After five years, the founders of marijuana strain and dispensary database Leafly are moving on to their next cannabis-related startup.
Cy Scott, Brian Wansolich, and Scott Vickers — who launched Leafly in 2010 — are the co-founders of Headset, a new Seattle-based startup that’s building a business intelligence platform for the fast-growing marijuana industry.
Headset, which just raised about $450,000 of a $750,000 seed round from Poseidon Asset Management and a group of angel investors, offers what Scott describes as a market research and analysis tool similar to Nielsen, NPD or IRi, but for customers in the marijuana supply chain.
The idea is to give marijuana retailers, processors, and growers better insights and intelligence for their business, ultimately helping them make more money and offer better customer service.
“We’re staying in the cannabis industry but are tackling a different problem,” said Scott, who’s taking on the CEO role for the new company.
Headset’s platform provides a number of operational insights. For example, retailers can be immediately notified when stock is low of a particular product that’s been selling well, or find out if a specific strain isn’t flying off the shelves like it used to. Meanwhile, product manufacturers can access sell-through data, all-commodity volume information, and a competitive set analysis, among other insights.
Headset is also compiling a comprehensive industry landscape dataset that can help manufacturers and retailers understand what products are on the market and access information on cost, availability, and more.
“A lot of people don’t have visibility on what brands are out there and how well they sell,” Scott said. “If a company in Colorado wants to expand to Nevada, we can tell them which retailers they should be working with or how well existing product manufacturing brands are doing. We give them those insights before they go and tackle new opportunities — a lot of them are flying pretty blind out there.”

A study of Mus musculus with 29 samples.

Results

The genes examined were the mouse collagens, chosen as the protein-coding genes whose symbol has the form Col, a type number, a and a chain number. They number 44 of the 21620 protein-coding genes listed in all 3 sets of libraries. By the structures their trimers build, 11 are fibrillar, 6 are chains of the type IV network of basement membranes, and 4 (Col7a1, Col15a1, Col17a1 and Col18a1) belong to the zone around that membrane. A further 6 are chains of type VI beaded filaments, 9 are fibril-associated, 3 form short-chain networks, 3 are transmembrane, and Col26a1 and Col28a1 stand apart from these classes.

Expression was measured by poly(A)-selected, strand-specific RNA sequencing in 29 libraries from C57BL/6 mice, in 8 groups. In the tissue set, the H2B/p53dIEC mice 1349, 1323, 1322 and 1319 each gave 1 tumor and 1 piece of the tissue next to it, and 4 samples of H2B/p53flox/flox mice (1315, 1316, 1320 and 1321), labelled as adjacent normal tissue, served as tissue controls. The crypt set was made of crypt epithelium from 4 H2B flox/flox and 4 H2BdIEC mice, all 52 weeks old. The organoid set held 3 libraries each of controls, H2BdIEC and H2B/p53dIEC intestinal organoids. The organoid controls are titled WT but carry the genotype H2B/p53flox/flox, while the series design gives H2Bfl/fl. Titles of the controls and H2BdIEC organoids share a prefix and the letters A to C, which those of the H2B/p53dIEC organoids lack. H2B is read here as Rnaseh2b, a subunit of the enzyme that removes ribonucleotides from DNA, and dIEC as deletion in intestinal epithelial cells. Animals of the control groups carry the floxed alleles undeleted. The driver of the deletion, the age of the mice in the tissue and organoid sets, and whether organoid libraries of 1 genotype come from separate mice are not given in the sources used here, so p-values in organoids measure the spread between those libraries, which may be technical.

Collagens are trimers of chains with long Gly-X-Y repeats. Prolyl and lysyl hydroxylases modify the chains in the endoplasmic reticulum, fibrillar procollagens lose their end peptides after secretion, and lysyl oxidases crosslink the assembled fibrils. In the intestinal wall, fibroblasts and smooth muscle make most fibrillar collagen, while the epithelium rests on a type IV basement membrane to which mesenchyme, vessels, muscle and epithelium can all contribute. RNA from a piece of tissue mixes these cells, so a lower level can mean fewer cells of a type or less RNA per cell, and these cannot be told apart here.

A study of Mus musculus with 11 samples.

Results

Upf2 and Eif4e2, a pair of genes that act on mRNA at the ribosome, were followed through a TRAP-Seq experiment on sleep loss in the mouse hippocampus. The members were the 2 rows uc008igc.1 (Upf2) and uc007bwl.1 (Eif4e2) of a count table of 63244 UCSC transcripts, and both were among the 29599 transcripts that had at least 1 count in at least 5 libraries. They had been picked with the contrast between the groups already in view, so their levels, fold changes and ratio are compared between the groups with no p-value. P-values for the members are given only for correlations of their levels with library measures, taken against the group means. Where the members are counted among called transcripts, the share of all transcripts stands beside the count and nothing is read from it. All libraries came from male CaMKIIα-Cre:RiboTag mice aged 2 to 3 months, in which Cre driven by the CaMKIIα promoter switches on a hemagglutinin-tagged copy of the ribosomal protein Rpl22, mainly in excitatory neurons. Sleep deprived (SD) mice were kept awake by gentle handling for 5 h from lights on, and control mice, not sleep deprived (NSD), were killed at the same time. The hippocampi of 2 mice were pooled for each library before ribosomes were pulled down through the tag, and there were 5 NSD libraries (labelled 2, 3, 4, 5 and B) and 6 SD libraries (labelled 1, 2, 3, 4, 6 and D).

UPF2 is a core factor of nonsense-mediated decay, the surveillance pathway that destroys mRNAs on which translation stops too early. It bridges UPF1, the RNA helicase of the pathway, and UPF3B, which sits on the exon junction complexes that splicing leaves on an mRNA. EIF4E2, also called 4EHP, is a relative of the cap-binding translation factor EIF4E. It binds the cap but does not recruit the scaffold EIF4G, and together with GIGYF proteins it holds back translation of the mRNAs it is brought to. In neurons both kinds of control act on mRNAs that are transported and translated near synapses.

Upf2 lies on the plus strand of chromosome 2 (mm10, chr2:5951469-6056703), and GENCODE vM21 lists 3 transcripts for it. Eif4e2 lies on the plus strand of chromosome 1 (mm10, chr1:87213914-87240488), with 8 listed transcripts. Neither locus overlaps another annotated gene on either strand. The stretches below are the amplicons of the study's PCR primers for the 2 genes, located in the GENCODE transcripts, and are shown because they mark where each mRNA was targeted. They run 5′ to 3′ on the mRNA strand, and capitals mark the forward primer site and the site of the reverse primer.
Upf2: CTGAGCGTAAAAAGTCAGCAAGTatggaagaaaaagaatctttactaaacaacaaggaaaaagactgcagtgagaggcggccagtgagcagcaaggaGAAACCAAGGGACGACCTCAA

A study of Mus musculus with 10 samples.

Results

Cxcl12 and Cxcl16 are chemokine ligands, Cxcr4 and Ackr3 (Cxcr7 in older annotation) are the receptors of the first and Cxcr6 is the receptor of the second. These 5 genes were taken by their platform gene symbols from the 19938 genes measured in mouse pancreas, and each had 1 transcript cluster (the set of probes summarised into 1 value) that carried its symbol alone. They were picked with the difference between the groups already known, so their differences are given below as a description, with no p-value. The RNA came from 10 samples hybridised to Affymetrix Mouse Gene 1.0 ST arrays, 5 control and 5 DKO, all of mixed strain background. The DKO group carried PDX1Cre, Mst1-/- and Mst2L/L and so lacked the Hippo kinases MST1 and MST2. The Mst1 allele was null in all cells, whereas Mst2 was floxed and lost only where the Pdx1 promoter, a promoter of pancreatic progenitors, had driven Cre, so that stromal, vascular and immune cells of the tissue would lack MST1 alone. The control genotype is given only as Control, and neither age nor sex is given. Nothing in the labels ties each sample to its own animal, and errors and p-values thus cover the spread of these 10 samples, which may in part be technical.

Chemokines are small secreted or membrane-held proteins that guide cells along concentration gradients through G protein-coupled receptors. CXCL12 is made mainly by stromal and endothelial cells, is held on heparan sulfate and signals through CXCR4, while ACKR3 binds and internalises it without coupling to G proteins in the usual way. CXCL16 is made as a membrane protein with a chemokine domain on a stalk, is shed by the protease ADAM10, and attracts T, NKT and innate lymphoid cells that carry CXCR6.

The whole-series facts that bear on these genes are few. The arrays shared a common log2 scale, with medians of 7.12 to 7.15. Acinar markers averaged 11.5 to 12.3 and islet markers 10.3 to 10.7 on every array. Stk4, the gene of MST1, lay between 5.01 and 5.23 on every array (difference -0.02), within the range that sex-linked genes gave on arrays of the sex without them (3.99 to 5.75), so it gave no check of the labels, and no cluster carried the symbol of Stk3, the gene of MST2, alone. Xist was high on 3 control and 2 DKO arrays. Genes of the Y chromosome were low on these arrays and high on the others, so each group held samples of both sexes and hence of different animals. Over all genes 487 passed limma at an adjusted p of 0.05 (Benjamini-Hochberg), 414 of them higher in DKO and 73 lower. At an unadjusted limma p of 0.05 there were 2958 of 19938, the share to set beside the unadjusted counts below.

Headset is targeting clients in both the medical and recreational industries and makes money with monthly recurring subscription revenues. The company is more of a B2B play, while Leafly is more consumer-focused with its review site that mimics Yelp or Consumer Reports, but for marijuana strains and dispensary.
Leafly, which was acquired by Seattle-based marijuana investment firm Privateer Holdings in 2011, has continued to grow since its inception and now has more than 300,000 strain and dispensary reviews on a site that attracts 31 million page views per month. The app also won “App of the Year” at the GeekWire Awards in 2014.
Scott said it was not easy leaving Leafly and that his co-founders “still consider it our baby,” but they saw a special opportunity with Headset.
“We’re startup guys and we really wanted to go after this and start a new project,” Scott said.
The co-founders still have a great relationship with Privateer Holdings, Scott added, and they felt comfortable passing the baton to new Leafly CEO Drew Reynolds, who took over in May after serving as the CTO and co-founder of myweddings.com.
Here’s what Privateer CEO Brendan Kennedy had to say about the Leafly co-founders in an email to Leafly employees:
When we first met Cy, Brian and Scott in 2011 we had an idea of what Leafly could be, but no expectations of how exactly we’d get there. When any start-up is acquired, it’s rare for founders to hang around for more than a year. We have been enormously privileged and honored to benefit from Cy, Brian and Scott’s hard work and dedication for more than three years. Their leadership and intrepidness has resulted in Leafly being transformed from a smart idea hatched over some enlightened cannabis consumption to some musings logged in their notorious spreadsheet to a nights & weekends project to our first acquisition to the world’s leading information resource on cannabis.
Scott said that the past five years with Leafly and Privateer will help give his new company more credibility and a competitive edge in a nascent industry.
“It helps to have that foundation and to speak the same language,” he said. “And just like with Leafly, our focus is on a fantastic user experience. We know what our customers expect and we want to give them a tool they are comfortable using.”
Scott and his co-founders started Leafly back in 2010 to help educate marijuana users about different strains and dispensary locations, particularly with new laws being enacted that legalized the use of cannabis. With Headset, the underlying mission of helping the marijuana industry gain legitimacy still holds true for the co-founders.
“We stayed in the industry because we want to see it succeed,” Scott said. “And if retailers, producers, and processors succeed, then the whole industry will succeed.”